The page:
Ballarat Innovation and Research Collaboration for Health chief executive Professor Mark Yates believes any investment in the fledgling research organisation will be repaid many times over by savings to the health system resulting from research being conducted.
BIRCH has received a $150,000 state government grant allowing its research work to continue.
"The cost savings this translational research can deliver are significant savings coming back in to the state hospital system and federal health system," Professor Yates said.
Among BIRCH's current projects are research to shorten the length of time patients spend in hospital, keeping community members healthier at home, hysterectomy rates, urinary tract infections in nursing homes and looking at the oral health and care of nursing home patients.
It has also moved quickly toward research that is coronavirus relevant, including support for a low-cost ventilator invented by Gekko Industries' Sandy Gray.
The BIRCH collaborative brings together Ballarat's brightest medical minds - the city's two major health services, St John of God Ballarat and Ballarat Health Services, and the six universities offering local health professional training - to conduct research to transform practices in hospitals and across health services.
But the institution has struggled to access research grants and other funding because of the type of research it is conducting.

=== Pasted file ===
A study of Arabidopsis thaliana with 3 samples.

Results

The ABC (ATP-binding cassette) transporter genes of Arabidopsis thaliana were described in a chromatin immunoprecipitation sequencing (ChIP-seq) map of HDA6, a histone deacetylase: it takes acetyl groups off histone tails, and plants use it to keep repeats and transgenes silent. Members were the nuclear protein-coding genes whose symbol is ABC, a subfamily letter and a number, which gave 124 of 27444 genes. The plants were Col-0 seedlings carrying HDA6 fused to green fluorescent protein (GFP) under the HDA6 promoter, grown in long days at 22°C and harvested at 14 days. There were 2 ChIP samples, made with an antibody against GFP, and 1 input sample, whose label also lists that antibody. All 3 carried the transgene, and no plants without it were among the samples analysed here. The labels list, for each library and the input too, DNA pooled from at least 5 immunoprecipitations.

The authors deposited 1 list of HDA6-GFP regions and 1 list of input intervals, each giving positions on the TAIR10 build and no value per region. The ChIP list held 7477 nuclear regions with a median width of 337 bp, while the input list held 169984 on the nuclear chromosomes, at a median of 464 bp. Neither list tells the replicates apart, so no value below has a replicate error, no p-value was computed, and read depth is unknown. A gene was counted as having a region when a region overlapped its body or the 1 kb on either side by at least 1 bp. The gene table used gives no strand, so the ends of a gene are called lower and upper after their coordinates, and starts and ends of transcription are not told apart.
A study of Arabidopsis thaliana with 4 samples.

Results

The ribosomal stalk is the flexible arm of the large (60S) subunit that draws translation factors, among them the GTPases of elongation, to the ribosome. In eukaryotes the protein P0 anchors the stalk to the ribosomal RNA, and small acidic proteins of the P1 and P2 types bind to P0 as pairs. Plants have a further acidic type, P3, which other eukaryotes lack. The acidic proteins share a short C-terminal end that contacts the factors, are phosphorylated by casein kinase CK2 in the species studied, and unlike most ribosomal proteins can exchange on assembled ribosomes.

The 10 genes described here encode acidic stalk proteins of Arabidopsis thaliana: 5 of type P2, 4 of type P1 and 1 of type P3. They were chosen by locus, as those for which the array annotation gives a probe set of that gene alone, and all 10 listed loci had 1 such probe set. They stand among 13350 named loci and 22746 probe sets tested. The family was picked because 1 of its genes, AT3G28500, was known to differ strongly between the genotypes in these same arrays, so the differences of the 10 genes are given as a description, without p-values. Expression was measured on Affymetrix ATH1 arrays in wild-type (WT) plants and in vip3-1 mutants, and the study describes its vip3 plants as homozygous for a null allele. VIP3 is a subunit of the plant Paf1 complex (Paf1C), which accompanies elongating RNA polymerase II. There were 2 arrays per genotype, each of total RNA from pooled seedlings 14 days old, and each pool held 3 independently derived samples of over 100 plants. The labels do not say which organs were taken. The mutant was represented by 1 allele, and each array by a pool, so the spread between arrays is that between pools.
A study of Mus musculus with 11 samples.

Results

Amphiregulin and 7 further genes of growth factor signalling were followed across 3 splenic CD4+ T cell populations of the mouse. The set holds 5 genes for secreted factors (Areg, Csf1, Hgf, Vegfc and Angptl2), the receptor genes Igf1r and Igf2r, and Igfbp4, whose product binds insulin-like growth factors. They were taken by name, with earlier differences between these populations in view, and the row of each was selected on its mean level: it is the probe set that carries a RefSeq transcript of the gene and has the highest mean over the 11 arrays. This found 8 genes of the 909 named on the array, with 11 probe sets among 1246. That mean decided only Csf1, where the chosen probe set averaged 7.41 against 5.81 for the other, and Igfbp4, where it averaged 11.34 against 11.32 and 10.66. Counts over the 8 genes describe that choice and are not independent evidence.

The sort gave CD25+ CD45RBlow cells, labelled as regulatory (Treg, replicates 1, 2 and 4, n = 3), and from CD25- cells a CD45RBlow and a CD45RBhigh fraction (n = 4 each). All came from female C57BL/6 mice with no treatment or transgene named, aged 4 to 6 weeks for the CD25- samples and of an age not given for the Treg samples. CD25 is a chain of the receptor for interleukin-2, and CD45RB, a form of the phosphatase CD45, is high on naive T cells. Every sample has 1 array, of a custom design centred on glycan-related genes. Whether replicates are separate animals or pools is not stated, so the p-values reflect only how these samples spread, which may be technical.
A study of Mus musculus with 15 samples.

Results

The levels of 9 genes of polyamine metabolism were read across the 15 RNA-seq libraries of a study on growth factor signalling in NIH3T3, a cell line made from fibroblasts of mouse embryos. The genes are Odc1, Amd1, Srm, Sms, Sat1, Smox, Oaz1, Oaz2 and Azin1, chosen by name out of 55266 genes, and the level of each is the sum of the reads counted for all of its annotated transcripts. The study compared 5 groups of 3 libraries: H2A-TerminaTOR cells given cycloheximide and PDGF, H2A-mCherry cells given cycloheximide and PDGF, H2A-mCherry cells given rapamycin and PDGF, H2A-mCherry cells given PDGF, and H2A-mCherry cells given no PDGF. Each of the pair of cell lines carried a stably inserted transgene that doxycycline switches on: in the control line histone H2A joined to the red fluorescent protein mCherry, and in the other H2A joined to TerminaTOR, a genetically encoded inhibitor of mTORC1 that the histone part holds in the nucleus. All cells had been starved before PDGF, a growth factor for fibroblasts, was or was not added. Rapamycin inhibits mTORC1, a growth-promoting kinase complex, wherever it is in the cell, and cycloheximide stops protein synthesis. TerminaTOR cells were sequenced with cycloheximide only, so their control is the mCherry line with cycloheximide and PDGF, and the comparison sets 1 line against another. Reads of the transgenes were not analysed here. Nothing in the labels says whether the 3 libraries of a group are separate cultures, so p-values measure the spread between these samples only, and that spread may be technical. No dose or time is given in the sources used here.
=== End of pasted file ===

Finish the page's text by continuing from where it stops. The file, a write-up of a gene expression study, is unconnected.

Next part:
"The way we make a difference in health services, the different form of research that BIRCH will be driving ... is not research that gains all the grant money which is why we need support from philanthropists and government.
"The difficulty we have in this climate is there is not a lot of free money for research that is not already identified ... and the challenge is the information we gain we want to share really rapidly, as quickly as we can with other services so they can do the same thing, which is completely different to other research from universities where you want to protect the intellectual property, wait years for it to be published and let out for people to know."
Associate Professor Yates said BIRCH would also look to evaluate some of the changes that COVID-19 has forced on to health care.
"There's an enormous amount of work we can do that has been driven by COVID that needs to be evaluated. Telehealth videoconferencing has boomed but we don't know whether it actually delivers the same outcome as a face to face (doctor's) visit.
"We've got to be careful telehealth doesn't entrench disadvantage where rural patients only see a screen not a doctor and look at the health outcomes. It's critical because it's no good saving costs unless there's a better patient outcome."
He said Ballarat was uniquely placed as a centre for transformative and translational research because almost everyone came through either SJOG or Ballarat Health Services so outcomes could be easily measured.
"More than 30 per cent of the population of our state live in regional Victoria and to have a research centre focus on the health and wellbeing of regional and rural Victorians is much needed," said Wendouree MP Juliana Addison.
"It shows the value that the government holds BIRCH in and we know they are doing great work ... and as a member of parliament anything that could potentially save the health system lots of money in the future is very welcome."